Editor's note: This popular story from the Daily Briefing's archives was republished on Sept. 6, 2019.
Marketers of products such as yogurts and dietary supplements commonly tout probiotics as a "key to good health," but research shows for most conditions, probiotics are ineffective and may even be harmful, Aaron Carroll writes for the New York Times' "The Upshot."
How the probiotic hype has gotten ahead of the research
When it comes to probiotics, "there's still a lot we don't know," Carroll writes.
Probiotics are simply strains of living microorganisms that are purportedly beneficial for "gut health," Carroll writes. Probiotics are sold in the form of supplements, beauty products, and foods, such as yogurt and sauerkraut.
But while marketers have hyped probiotics, the research to date is not promising, according to Carroll.
Earlier this year, Nutrition "published a systematic review of systematic reviews" on the efficacy of probiotics in treating gastrointestinal disorders. The review confirmed that probiotics can treat some gastrointestinal disorders, but only "for very specific uses of very specific strains of bacteria in very specific instances," Carroll writes.
For instance, Carroll writes, the review found that certain strains of bacteria were useful in preventing diarrhea in children who were taking antibiotics. A 2013 review suggested probiotics help prevent Clostridium difficile-associated diarrhea in patients taking antibiotics, while other evidence exists suggesting probiotics could help prevent necrotizing enterocolitis and preterm infant deaths.
But those "are just about all the 'positive' results you can find," Carroll writes. Researchers have tested but have not found significant benefits of probiotic supplements for people with chronic diarrhea, Crohn's disease, eczema, gestational diabetes, liver disease, ulcerative colitis, and urinary tract infections.
According to Pieter Cohen, an associate professor of medicine at Harvard Medical School, some individual study results "suggest [the] strains work, but when a larger more well-done study is performed, they no longer seem to," which Carroll said confirms "that we don't have the data to show that [probiotics] work."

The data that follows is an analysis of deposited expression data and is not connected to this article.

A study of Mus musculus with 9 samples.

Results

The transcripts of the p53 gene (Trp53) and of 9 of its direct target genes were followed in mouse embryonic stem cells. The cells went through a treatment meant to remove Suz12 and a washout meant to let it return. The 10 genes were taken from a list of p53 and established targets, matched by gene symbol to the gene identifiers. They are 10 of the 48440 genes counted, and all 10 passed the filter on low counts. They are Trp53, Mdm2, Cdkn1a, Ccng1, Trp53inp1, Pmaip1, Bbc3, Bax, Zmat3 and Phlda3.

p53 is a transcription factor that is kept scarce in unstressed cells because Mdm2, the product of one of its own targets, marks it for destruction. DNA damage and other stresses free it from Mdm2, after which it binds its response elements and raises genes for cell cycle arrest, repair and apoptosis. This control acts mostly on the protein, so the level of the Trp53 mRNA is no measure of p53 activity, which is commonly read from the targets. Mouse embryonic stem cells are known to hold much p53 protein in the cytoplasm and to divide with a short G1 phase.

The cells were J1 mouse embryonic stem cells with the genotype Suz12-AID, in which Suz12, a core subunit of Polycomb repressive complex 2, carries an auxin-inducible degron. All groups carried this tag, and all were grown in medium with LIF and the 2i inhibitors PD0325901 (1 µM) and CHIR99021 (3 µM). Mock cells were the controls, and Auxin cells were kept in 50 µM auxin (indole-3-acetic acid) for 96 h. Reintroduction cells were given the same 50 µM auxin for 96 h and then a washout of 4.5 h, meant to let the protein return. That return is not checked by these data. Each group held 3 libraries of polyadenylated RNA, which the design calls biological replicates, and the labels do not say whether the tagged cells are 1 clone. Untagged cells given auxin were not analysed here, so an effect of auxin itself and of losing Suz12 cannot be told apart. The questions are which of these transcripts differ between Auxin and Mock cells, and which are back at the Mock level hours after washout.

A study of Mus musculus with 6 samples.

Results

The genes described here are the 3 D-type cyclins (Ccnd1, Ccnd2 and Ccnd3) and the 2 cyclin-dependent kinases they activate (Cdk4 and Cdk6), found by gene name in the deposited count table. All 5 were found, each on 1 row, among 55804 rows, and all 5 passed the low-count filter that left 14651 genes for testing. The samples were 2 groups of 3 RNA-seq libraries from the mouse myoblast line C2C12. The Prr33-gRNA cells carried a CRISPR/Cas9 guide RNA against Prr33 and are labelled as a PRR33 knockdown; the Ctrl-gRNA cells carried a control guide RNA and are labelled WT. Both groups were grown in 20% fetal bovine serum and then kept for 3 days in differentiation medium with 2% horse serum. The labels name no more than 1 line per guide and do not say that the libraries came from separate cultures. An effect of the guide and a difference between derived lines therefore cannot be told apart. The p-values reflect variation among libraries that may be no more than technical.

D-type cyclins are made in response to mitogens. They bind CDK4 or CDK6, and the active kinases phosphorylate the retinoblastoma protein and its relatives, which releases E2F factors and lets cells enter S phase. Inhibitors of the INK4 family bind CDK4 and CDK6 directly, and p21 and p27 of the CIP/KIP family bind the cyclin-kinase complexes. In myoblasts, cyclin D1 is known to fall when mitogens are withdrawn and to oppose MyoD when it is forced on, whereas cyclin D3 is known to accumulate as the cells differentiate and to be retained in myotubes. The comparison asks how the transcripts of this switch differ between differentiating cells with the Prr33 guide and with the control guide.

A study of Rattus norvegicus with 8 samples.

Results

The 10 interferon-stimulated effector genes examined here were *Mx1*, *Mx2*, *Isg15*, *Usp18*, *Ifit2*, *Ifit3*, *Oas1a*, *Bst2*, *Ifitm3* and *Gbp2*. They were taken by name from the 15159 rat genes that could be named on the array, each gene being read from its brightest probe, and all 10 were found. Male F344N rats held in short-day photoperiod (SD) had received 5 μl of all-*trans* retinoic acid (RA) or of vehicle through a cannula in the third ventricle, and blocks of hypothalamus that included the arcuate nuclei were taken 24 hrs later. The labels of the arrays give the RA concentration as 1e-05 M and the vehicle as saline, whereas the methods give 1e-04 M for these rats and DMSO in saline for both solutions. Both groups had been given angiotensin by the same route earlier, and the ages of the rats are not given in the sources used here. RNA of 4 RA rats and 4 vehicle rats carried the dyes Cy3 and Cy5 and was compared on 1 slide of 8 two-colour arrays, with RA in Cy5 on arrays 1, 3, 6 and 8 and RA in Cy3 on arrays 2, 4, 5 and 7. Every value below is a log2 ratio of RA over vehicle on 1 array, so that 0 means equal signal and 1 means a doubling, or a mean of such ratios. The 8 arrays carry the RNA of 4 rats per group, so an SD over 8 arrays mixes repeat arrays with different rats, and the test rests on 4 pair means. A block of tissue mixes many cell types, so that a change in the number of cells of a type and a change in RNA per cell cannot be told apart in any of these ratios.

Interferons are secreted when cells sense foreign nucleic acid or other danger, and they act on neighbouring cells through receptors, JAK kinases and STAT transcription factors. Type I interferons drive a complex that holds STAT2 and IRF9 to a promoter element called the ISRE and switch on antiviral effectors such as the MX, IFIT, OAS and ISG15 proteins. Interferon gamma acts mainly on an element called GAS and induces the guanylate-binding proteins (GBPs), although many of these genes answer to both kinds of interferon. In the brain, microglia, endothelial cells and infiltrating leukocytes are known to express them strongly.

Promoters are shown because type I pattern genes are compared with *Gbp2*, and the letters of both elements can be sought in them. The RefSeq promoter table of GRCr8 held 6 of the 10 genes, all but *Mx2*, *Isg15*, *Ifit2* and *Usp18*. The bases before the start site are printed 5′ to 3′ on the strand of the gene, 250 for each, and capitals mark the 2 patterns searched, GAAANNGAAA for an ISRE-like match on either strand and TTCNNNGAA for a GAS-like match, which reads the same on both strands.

Carroll writes, "When research is done on probiotics, it usually involves a specific organism, defined by genus, species and even strain." But he added, "When we buy probiotics off the shelf, especially when they are in food products, we often have no idea what we're getting."
That's largely because FDA does not vet probiotics sold in stories, according to Cohen. "They're not carefully watching over the probiotic space, leaving consumers to be the guinea pigs for these science experiments," Cohen said.
Is it time to ditch probiotics?
Despite inadequate research, almost four million Americans used probiotics in 2012, and the global market for probiotics exceeded $32 billion in 2014, Carroll writes.
While probiotics can have benefits under very specific circumstances, Carroll says that, when it comes to drugs and supplements, consumers should proceed with caution.
"Of course, people with no immune deficiencies should feel free to eat yogurt and sauerkraut, which can absolutely be part of a healthy diet," Carroll writes—but "eat them because they're delicious, and most likely better for you than many other foods, not because of any health claims" (Carroll, "The Upshot," New York Times, 10/22).